Are you defrosting your meat properly? Here’s how to thaw a package of ground beef and protect yourself from food poisoning.
Raise your hand if you’ve ever thawed ground beef on the kitchen countertop, or if you’ve seen somebody you know do it at least once. It turns out that this is not only the wrong way of defrosting meat, but one that can also make you and the rest of the family sick with a foodborne illness.
It’s no wonder why so many of us home cooks thaw out meat wrong. While professional chefs are trained in this area in culinary school, cookbook authors and TV chefs rarely talk about food safety.
So let’s talk about the things you need to know to keep yourself and those you cook for safe the next time you thaw beef for burgers or a pot of chili.
How to Thaw Ground Beef
To thaw out a package of ground beef, refrigerate it for 12 to 24 hours, plunge it into a bowl of ice water for 15 to 30 minutes, or microwave it on the defrost setting for 3 to 4 minutes. Any thawing method other than refrigeration requires you to cook the meat immediately.
In the Fridge
How to do it: Transfer the package of frozen ground beef from the freezer to the bottom shelf of the fridge, where it’s coldest, a day in advance. Put the ground beef in a tray to catch the juices that run out as the meat thaws.
Mistakes to avoid: Avoid keeping ground beef in the fridge for more than 2 days or it will spoil. Because bacteria get introduced from the surface to the inside of the meat during grinding, ground beef goes bad faster than beef cuts do.
Why it works: Refrigeration slows down the growth of disease-causing bacteria and keeps ground beef safe for up to 2 days. It’s also the safest way to thaw out meats because you don’t expose them to the temperature range known as the danger zone, in which the bacteria double in count every 20 minutes.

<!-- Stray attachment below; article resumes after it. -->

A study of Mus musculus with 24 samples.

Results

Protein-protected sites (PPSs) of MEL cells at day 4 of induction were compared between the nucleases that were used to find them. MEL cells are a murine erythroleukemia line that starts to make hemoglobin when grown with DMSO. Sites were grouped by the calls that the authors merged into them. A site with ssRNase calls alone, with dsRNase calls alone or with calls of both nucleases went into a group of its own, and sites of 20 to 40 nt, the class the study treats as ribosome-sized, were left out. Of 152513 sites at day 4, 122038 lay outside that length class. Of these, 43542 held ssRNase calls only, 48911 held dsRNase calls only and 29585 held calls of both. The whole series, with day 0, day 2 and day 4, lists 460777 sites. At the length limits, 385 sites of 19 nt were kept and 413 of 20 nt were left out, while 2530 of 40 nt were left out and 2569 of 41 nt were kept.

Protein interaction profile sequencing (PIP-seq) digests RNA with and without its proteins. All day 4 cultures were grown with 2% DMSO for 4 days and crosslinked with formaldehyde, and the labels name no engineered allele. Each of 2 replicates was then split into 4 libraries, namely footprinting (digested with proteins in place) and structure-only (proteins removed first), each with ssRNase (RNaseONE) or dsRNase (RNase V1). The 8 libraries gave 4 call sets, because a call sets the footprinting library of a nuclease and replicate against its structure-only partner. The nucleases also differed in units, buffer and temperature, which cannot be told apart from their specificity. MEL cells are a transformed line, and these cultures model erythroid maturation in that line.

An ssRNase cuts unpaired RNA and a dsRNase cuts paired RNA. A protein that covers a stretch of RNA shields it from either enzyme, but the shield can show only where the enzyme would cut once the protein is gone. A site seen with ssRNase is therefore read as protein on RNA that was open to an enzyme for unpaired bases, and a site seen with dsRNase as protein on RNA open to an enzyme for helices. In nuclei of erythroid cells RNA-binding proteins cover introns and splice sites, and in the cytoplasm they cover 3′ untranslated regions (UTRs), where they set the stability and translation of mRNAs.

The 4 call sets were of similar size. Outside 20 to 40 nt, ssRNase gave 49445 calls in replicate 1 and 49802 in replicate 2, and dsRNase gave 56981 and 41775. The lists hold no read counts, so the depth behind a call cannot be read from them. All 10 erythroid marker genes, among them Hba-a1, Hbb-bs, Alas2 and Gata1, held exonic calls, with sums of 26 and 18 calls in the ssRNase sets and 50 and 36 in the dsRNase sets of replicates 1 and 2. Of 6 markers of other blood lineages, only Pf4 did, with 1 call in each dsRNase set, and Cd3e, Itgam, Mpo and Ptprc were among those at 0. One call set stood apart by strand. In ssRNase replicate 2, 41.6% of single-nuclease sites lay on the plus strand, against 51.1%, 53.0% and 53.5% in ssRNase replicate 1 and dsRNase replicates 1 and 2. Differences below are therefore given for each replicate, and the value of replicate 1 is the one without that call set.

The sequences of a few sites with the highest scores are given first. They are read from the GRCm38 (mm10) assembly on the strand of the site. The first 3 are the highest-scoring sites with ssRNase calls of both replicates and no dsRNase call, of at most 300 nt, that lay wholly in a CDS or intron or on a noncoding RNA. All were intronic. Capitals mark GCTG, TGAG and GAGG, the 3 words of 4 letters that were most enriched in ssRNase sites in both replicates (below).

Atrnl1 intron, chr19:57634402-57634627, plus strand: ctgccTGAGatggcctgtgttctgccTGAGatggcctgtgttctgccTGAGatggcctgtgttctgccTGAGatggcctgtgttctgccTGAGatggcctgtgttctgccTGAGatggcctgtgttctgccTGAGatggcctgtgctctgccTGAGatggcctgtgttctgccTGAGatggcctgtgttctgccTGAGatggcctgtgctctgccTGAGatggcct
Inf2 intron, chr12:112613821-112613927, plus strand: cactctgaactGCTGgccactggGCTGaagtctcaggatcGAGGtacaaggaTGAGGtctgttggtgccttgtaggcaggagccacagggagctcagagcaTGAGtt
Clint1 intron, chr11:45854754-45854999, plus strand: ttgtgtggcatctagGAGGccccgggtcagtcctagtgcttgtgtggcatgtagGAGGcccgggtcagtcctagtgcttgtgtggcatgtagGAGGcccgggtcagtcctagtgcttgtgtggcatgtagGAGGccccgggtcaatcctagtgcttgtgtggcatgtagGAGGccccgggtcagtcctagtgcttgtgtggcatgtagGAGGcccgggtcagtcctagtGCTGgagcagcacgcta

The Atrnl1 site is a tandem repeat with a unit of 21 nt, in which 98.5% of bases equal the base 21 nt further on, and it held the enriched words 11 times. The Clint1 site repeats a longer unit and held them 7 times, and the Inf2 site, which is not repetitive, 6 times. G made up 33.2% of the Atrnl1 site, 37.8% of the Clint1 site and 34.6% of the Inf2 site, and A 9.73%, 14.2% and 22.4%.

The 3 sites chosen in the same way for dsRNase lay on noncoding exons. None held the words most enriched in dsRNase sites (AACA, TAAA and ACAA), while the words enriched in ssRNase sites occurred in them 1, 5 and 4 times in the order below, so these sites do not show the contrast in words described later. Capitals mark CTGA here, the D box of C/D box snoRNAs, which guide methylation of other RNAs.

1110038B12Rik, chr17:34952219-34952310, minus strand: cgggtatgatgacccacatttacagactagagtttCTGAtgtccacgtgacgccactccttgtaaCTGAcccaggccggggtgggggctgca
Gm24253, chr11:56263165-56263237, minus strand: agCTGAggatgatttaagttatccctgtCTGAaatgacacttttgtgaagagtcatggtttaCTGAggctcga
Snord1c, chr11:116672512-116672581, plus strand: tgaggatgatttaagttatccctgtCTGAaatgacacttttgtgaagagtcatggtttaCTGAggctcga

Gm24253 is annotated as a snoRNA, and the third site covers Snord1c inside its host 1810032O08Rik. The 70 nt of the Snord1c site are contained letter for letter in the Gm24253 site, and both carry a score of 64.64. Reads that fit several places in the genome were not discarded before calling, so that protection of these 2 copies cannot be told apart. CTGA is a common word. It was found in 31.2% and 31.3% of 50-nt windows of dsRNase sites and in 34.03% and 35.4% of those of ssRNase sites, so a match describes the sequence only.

In the Sink, in a Bowl of Ice Water
How to do it: Seal the frozen ground beef in a ziplock bag and submerge it in a bowl of ice water. Weight it down with something heavy, such as a pot filled with water, and let it thaw for 15 minutes. If it’s not completely thawed after 15 minutes, add ice to the water and thaw it out for another 15 minutes. Cook immediately.
Mistakes to avoid: Make sure the ziplock bag is airtight to prevent the water from getting to the meat. Do not leave the meat out and do not refrigerate it after it’s done thawing; for reasons of food safety, it must be cooked immediately.
Why it works: The cold, icy water in the bowl brings the ground beef to a temperature high enough to thaw, and yet low enough to inhibit the growth of disease-causing bacteria.
In the Microwave Oven, on the Defrost Setting
How to do it: Remove the ground beef from the package and place it in a microwave-safe bowl, or a plate deep enough to catch dripping juices. Microwave on the defrost setting for 3 to 4 minutes, flipping the beef every 60 seconds or so. Cook immediately.
Mistakes to avoid: Don’t defrost ground beef (or other meat, for that matter) at full power in the microwave. If your microwave oven doesn’t have a defrost setting, use 30% power instead.
Why it works: The defrost setting on your microwave cycles the magnetron, the part that generates the microwaves in the oven, on and off. The ground beef defrosts but doesn’t cook. For reasons of food safety, it must be cooked immediately.
How Not to Thaw Out Ground Beef
Never thaw ground beef on the kitchen countertop. It isn’t safe to leave meat out for more than 1 to 2 hours because the bacteria that cause food poisoning multiply the fastest at room temperature.
By the time the ground beef has thawed out, the meat will be overgrown with pathogenic bacteria that can cause food poisoning. The meat will remain unsafe to eat even after it’s cooked because heat will kill the bacteria, but not the toxins they left in the food.
In an article on the subject on its website, the USDA’s Food Safety and Inspection Service also advises against defrosting ground beef in hot water for the same reasons.
If you want to thaw out a package of ground beef quickly—as in less than 5 minutes—the only safe way is to microwave it on the defrost setting (or 30% power).